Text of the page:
Hurricane Nate growing stronger, headed toward US
Hurricane hunter planes have found Tropical Storm Nate growing stronger just off Mexico's Yucatan peninsula.
The National Hurricane Center in Miami says Nate has top sustained winds of 65 mph (105 kph) and is situated about 90 miles (145 kilometers) northeast of Cozumel, Mexico, on Friday night.
The tropical storm is moving north-northwest at 22 mph (35 kph). Forecasters expect it to turn north late Saturday, when it will approach the northern Gulf Coast of the U.S. Landfall is expected there Saturday night or Sunday.
The hurricane center says conditions are favorable for Nate to continue strengthening as it crosses the Gulf.
The National Hurricane Center in Miami has issued a hurricane warning for metropolitan New Orleans and Lake Pontchartrain.
The warning comes on top of one issued earlier Friday for the area between Grand Isle, Louisiana, and the Alabama-Florida border.
The NHC says Tropical Storm Nate was growing in strength and was expected to be a hurricane by the time it reaches the U.S. late Saturday or early Sunday.
Nate barreled through Central America earlier in the week, claiming at least 21 lives. It is expected to pass near or over the coast of Mexico's Yucatan peninsula late Friday.
Dozens of offshore oil and gas platforms and drilling rigs in the Gulf of Mexico have been evacuated as Tropical Storm Nate churns through warm waters on a high-speed path toward the Gulf Coast.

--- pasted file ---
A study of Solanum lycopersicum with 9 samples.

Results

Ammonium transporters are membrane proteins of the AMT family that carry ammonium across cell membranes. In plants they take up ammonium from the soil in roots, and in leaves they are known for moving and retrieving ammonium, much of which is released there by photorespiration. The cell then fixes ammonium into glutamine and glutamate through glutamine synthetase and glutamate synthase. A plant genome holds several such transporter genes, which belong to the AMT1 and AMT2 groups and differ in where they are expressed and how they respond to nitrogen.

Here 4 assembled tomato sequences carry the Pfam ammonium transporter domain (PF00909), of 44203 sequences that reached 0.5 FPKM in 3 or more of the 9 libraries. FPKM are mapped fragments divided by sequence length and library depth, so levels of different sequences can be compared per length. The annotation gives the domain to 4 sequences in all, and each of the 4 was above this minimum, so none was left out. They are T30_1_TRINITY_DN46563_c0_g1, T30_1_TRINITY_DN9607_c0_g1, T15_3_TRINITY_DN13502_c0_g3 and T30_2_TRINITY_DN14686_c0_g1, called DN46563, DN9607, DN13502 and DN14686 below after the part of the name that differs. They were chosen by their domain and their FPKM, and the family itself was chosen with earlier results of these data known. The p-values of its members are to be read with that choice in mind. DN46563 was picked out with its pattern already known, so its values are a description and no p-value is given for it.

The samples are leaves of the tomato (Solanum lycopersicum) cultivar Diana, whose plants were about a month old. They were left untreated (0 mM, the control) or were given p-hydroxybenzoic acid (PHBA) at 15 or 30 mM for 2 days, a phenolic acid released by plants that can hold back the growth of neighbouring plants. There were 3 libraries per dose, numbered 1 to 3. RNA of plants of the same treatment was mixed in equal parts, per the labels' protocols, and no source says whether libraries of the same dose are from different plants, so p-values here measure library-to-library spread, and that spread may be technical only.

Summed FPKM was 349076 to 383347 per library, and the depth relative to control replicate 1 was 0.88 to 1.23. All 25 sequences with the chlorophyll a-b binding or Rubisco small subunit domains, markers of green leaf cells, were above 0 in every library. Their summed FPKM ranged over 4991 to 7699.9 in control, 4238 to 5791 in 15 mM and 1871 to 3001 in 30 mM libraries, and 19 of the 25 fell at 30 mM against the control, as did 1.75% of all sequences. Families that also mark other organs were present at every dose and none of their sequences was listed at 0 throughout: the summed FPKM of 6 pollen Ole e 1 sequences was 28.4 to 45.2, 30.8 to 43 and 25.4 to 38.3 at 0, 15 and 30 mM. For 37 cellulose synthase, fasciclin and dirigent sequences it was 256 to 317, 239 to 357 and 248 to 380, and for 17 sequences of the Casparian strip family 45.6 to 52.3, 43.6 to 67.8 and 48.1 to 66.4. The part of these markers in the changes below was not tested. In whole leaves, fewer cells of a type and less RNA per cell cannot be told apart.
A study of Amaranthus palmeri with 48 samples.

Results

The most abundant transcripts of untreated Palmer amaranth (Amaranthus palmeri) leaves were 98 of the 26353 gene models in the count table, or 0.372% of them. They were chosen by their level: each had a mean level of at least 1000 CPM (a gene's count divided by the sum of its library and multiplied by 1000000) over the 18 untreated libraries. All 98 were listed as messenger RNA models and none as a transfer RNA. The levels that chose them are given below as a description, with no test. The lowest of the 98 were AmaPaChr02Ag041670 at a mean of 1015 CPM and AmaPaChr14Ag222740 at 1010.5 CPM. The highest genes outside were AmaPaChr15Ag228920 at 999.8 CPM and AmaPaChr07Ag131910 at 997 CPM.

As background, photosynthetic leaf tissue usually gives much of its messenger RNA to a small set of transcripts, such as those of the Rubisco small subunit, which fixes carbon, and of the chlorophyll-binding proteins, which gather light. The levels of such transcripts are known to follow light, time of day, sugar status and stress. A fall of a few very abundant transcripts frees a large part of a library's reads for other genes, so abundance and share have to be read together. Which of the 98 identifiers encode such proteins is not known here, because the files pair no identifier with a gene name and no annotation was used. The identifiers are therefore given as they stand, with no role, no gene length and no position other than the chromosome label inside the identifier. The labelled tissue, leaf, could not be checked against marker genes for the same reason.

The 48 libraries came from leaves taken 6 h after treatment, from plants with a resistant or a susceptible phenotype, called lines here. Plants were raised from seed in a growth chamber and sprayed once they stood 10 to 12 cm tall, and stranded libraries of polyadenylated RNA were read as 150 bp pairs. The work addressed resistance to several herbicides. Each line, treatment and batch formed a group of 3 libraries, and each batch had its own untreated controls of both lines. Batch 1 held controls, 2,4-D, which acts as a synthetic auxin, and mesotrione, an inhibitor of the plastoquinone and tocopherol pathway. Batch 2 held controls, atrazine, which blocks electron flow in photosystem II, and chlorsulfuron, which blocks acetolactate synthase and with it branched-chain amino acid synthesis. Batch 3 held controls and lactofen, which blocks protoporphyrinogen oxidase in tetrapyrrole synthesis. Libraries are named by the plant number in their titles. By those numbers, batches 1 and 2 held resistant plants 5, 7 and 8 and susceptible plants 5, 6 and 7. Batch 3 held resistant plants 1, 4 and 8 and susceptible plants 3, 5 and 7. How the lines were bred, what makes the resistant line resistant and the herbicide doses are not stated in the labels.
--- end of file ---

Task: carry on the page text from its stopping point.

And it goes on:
The Bureau of Safety and Environmental Enforcement said in a news release that workers had been evacuated from 66 production platforms as of late Friday morning. That's nearly 9 percent of the 737 manned platforms in the Gulf.
The bureau also said five rigs currently operating in the Gulf also had been evacuated, while 11 other rigs were moved out of the storm's path.
An estimated 71 percent of the Gulf's current oil production and 53 percent of its natural gas production has been "shut-in," or temporarily halted, due to the storm.
Offshore facilities will be inspected for damage once the storm passes.
Mississippi Gov. Phil Bryant is declaring a state of emergency in Mississippi's six southernmost counties in advance of the arrival of what's expected to be Hurricane Nate late Saturday.
State officials said at a briefing Friday in Gulfport that Nate's main dangers will be a potential for 10 feet (3 meters) of storm-surge in low-lying areas and high winds that could damage mobile homes.
Officials say they will open 11 evacuation shelters in areas away from the immediate coast, and that buses can transport people who can't drive.
The state's 12 coastal casinos say they are monitoring the situation, but don't plan complete shutdowns. A car show that attracted thousands of visitors is being curtailed.
The storm battered Central America with rain this week, killing at least 21 people.
A hurricane warning has been issued for a stretch of the U.S. Gulf Coast from Grand Isle, Louisiana, to the Alabama-Florida border.
The National Hurricane Center in Miami says residents in those areas should brace for possible storm surges amid the expected strengthening of Tropical Storm Nate. The storm battered Central America with rain this week, killing at least 21 people.
The center says the storm is likely to strengthen Friday over the northwestern Caribbean Sea before a possible near-hurricane-strength hit on the Cancun region at the tip of Mexico's Yucatan Peninsula.
Forecasters warn that the storm, after crossing open water, could then smash into the northern rim of the U.S. Gulf Coast as a hurricane.
Damage caused by Tropical Storm Nate has prompted Costa Rican officials to postpone a World Cup qualifying soccer match between that country and Honduras, which had been scheduled for Friday night.
The president of the Costa Rican Football Federation says the game will now be played Saturday afternoon in San Jose, the Costa Rican capital.
The storm killed at least seven people across Costa Rica.